A Department of Labour prosecution arising from the death of a dairy farm worker who drowned in a Hastings effluent pond has been withdrawn.
Arnold Coles Garcia, 31, died after becoming trapped when a floating pump pontoon he was standing on flipped on a pond at Wairua Farms in Aorangi Rd, west of Hastings on October 5, 2009.
Mr Garcia, a Filipino, had been the farm's second in command since being employed in 2006.
Under the Health and Safety in Employment Act, the department charged the pontoon's Matamata-based manufacturer Reid & Harrison (1980) Ltd, claiming the unit was not safe for its known intended use.
Reid & Harrison's lawyer, Paul Mabey QC, challenged the prosecution in the Hastings District Court on Monday, claiming the unit had not been used to the maker's specifications.
Mr Mabey said the farm's owner, Ivan Knauf, had compromised the stability of the unit by ignoring the manufacturer's advice to secure the pontoon to the side of his 300-cubic-metre pond before any maintenance.
The farmer had instead been "cavalier" and erected a bridge as an anchor point for the unit.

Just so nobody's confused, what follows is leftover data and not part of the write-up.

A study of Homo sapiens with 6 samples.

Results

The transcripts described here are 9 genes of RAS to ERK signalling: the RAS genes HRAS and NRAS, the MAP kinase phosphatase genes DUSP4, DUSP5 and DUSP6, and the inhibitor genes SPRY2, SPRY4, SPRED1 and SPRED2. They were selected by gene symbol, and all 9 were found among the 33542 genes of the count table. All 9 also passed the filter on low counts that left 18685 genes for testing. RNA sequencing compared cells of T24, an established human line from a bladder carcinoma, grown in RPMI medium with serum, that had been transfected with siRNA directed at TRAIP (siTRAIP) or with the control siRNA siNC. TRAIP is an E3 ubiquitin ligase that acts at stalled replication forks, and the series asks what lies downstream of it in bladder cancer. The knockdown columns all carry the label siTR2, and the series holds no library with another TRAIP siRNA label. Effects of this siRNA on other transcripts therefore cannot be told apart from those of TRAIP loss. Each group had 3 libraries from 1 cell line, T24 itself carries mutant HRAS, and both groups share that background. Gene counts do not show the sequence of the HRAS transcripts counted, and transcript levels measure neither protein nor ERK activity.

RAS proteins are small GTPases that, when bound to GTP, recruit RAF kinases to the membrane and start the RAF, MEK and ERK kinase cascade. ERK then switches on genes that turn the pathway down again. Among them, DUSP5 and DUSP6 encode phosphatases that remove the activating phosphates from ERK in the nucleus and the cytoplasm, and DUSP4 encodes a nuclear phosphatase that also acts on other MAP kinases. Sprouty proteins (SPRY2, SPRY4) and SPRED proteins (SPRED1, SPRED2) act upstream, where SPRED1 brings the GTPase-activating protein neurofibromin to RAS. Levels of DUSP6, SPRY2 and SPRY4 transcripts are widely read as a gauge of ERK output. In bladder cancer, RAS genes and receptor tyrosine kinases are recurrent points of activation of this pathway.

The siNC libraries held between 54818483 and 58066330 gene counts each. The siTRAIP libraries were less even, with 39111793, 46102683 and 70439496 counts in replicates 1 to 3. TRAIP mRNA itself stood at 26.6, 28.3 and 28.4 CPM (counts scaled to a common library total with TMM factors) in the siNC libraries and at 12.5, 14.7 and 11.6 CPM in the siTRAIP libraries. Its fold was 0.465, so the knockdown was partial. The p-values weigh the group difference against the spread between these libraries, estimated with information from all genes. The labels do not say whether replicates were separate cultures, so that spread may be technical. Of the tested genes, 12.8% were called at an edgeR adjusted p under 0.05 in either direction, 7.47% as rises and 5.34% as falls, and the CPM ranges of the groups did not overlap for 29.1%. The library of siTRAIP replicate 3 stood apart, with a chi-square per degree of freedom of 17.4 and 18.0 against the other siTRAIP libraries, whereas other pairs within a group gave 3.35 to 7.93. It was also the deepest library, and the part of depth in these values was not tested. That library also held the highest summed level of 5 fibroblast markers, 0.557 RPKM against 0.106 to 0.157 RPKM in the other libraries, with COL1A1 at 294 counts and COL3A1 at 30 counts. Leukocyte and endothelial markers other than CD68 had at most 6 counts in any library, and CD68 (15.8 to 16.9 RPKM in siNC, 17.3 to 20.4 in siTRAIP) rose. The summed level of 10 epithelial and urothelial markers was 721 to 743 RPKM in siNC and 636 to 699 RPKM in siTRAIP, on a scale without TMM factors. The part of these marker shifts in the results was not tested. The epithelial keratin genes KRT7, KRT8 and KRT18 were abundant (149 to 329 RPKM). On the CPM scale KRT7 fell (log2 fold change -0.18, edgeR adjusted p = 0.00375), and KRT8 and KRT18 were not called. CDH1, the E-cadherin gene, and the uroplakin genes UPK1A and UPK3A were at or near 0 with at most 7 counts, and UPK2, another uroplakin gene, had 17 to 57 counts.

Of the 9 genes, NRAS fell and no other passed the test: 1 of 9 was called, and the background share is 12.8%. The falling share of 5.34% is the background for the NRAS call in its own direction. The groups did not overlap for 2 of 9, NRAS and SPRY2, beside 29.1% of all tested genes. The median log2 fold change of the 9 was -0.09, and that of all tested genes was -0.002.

It's understood Mr Garcia was standing on the pontoon while servicing the effluent pump's motor, when his foot became entangled in the pontoon, tipping it 180 degrees and dragging him under.
Defence questioned whether the farm's foreign workers could read warning signage written in English, and claimed Mr Knauf hadn't fully informed his workers of the danger of standing on the pontoon. "Are you aware of an employer's obligation to provide staff safety under the very legislation Reid & Harrison are getting prosecuted for?" Mr Mabey asked him.
"You left a pontoon floating in the middle of the pond and built them [workers] a bridge so they could do the exact thing the manufacturer warned about ...
"You were so cavalier with your mens' safety that you didn't really care."
Mr Knauf replied he did care, and said the manufacturer's recommendations were no safer than his "solution".
Previous attempts to follow factory guidelines hadn't worked, and though he had "limited" English, Mr Garcia had been warned verbally about the dangers, he said.
He claimed the instructions were ambiguous and unrealistic.
Another of the farm's foreign workers, Janat Limbu, who was the sole witness to the incident, told the court he tried desperately to lift the flipped unit to free his colleague. Through an interpreter, the Nepalese national said he was helpless to do anything. Mr Garcia's body was recovered only after a tractor dragged the unit from the pond.
Following evidence from the department's inspector yesterday, the prosecution withdrew the charge.
Judge Alistair Garland awarded $5000 in costs to Reid & Harrison.
Mr Mabey told Hawke's Bay Today his client "felt exonerated" with the result. "The company should never have been charged ... the prosecution was ill-conceived," he said.